Fooling yourself into being awesome

I find with any life changing endeavor, three things are equally and epically important:

1. Know who you are.
2. Know how to tell yourself the truth.
3. Know how to trick yourself into a lie.

The reason these things are important are best summed up by how I have FINALLY quit smoking with such resolve, I’m not at all concerned about a relapse:

As December 2010 was approaching, I started formulating a plan in my head of how to live a healthier lifestyle. My goals were, as they should be, selfish – I wanted to feel more confident both clothed and naked (hey ladies, men have body issues too). I’d already lost from 230lbs – 195lbs… but I was still flabby and I still felt rundown. As I thought about how much all this sucked… I lit up…….. my 25th cigarette for the day.

Now, I have tried to quit and tried to quit and tried to quit…. but looking back, I never really TRIED to quit. It became obvious that the next thing to go would have to be the smoking (should have been the first thing to be honest) and then I could start in on exercise and stress management, etc. This sounded great on paper… the problem, of course, was actually putting the cancer sticks down once and for all.

Enter important needs number 1 and 2 – Know who you are, Know how to tell yourself the truth:

It was at this moment that I realized and admitted the following:

I was lazy
I was unwilling to stop smoking
The only time I’ve wanted to quit in the past year was when a few of my friends were relentlessly teasing me about smelling after a smoke break………….

Enter important need number 3 – Know how to trick yourself into a lie:

See, knowing the above information is great.. but ultimately worthless. It’s like a fire alarm going off when you’re in a room you’ve never been in before and have no idea of where the fire exits are.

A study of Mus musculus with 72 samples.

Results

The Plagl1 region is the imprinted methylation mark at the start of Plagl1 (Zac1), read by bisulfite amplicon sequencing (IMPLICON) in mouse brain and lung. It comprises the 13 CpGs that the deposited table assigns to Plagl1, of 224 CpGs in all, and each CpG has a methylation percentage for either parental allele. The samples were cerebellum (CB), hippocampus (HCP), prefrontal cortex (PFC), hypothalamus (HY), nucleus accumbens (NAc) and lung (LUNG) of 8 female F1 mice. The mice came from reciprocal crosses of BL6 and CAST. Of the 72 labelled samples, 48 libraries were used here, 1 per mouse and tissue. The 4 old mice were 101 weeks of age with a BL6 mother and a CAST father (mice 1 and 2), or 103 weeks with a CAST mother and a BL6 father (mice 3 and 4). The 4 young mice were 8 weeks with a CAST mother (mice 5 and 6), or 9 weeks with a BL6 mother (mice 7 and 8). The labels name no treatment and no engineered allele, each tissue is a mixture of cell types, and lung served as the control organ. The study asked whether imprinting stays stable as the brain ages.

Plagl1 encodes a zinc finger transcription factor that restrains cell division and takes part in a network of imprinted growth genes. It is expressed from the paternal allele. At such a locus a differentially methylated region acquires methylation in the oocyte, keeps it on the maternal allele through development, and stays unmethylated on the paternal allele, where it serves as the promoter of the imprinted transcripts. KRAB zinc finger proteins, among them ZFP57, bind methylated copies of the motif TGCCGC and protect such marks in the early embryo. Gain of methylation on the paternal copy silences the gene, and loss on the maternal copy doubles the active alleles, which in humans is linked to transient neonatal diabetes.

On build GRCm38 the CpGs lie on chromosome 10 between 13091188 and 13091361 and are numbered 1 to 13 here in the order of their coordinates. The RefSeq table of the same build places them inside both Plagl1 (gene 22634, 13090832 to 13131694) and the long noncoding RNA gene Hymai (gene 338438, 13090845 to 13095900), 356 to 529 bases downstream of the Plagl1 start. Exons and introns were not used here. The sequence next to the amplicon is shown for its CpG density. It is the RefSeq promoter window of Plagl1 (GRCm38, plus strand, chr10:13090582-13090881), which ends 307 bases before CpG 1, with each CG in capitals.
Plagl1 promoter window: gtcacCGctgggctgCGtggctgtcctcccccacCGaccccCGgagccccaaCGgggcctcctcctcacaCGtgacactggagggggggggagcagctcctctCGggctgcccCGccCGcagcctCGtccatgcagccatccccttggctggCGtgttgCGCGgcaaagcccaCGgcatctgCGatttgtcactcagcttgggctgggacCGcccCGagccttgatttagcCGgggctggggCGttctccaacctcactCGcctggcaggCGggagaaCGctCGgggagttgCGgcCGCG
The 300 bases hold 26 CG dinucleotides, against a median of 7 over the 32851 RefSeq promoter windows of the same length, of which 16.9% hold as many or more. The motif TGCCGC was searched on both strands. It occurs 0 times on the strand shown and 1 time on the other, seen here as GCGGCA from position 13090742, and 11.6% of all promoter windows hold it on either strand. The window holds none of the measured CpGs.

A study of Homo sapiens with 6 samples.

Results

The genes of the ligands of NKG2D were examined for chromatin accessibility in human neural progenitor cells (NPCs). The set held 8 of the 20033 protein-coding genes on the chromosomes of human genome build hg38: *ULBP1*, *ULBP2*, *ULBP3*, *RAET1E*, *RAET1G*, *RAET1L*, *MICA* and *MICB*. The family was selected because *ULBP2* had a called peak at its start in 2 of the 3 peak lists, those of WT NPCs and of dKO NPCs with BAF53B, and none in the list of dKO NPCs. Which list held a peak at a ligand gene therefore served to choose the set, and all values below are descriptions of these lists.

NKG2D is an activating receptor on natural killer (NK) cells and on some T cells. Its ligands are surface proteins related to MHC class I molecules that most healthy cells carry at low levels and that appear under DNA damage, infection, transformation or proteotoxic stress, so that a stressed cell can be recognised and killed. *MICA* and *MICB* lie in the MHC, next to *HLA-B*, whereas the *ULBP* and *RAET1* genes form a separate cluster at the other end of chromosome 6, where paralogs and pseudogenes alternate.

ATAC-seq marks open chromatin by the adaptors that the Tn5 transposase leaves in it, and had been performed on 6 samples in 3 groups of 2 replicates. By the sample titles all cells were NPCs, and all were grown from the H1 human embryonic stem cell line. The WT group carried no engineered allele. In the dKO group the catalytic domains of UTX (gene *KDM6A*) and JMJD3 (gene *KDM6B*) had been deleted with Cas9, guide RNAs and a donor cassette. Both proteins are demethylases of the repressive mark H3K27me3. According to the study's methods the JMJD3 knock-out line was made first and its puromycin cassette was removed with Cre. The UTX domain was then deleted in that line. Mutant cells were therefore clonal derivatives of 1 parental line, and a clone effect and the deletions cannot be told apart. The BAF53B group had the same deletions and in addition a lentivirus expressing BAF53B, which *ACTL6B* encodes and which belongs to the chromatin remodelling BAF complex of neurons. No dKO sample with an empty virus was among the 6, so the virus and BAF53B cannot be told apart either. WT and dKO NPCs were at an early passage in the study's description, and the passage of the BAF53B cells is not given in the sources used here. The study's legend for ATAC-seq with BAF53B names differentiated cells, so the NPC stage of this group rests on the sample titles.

Point being, you need the plan… you need the method of making you, the lazy/unwilling you, want to do these things that you well… want to do but don’t WANT to do.

So I tricked myself into the lie… via peer pressure, and spite.

Many people apply peer pressure for appalling/ludicrous/ridiculous/stupid “causes”. It’s actually how I started smoking. People think doing something out of spite is immature… probably, but it works to your benefit if you use it right.

I found a way to use both for good though by finding various people to fill my support base. My support base is made up of the following:

1 – Best friend who also smokes that I asked to quit with me.
1 – Coworker/Friend I respect who has quit smoking before that I mentioned “needing” drugs or laser treatments to quit, knowing he would be condescending about me being too weak-willed to quit on my own.
1 – Best friend who had quit smoking before that would also tease me for being weak-willed but also be supportive, almost like a quit coach.

As planned… hearing the coworker tell me “if you need snake oil to man up, go ahead, it’s a waste of money and I’ll probably think less of you if you go through with it” set my willpower in motion. Hearing my best friend tease me about being weak and then back me up with a few helpful tips for quitting not only fueled the fire but made me feel like I had a contingency plan. Lastly, having an accountability partner to be there day after day and raise bloody hell if I cheated ensured that no craving was worth the risk.

Regardless of what you’re trying to overcome on your path to healthiness (or even just life), just remember to know who you are, be honest about who that is, and know the best way to con that person into what you really want to happen in your life.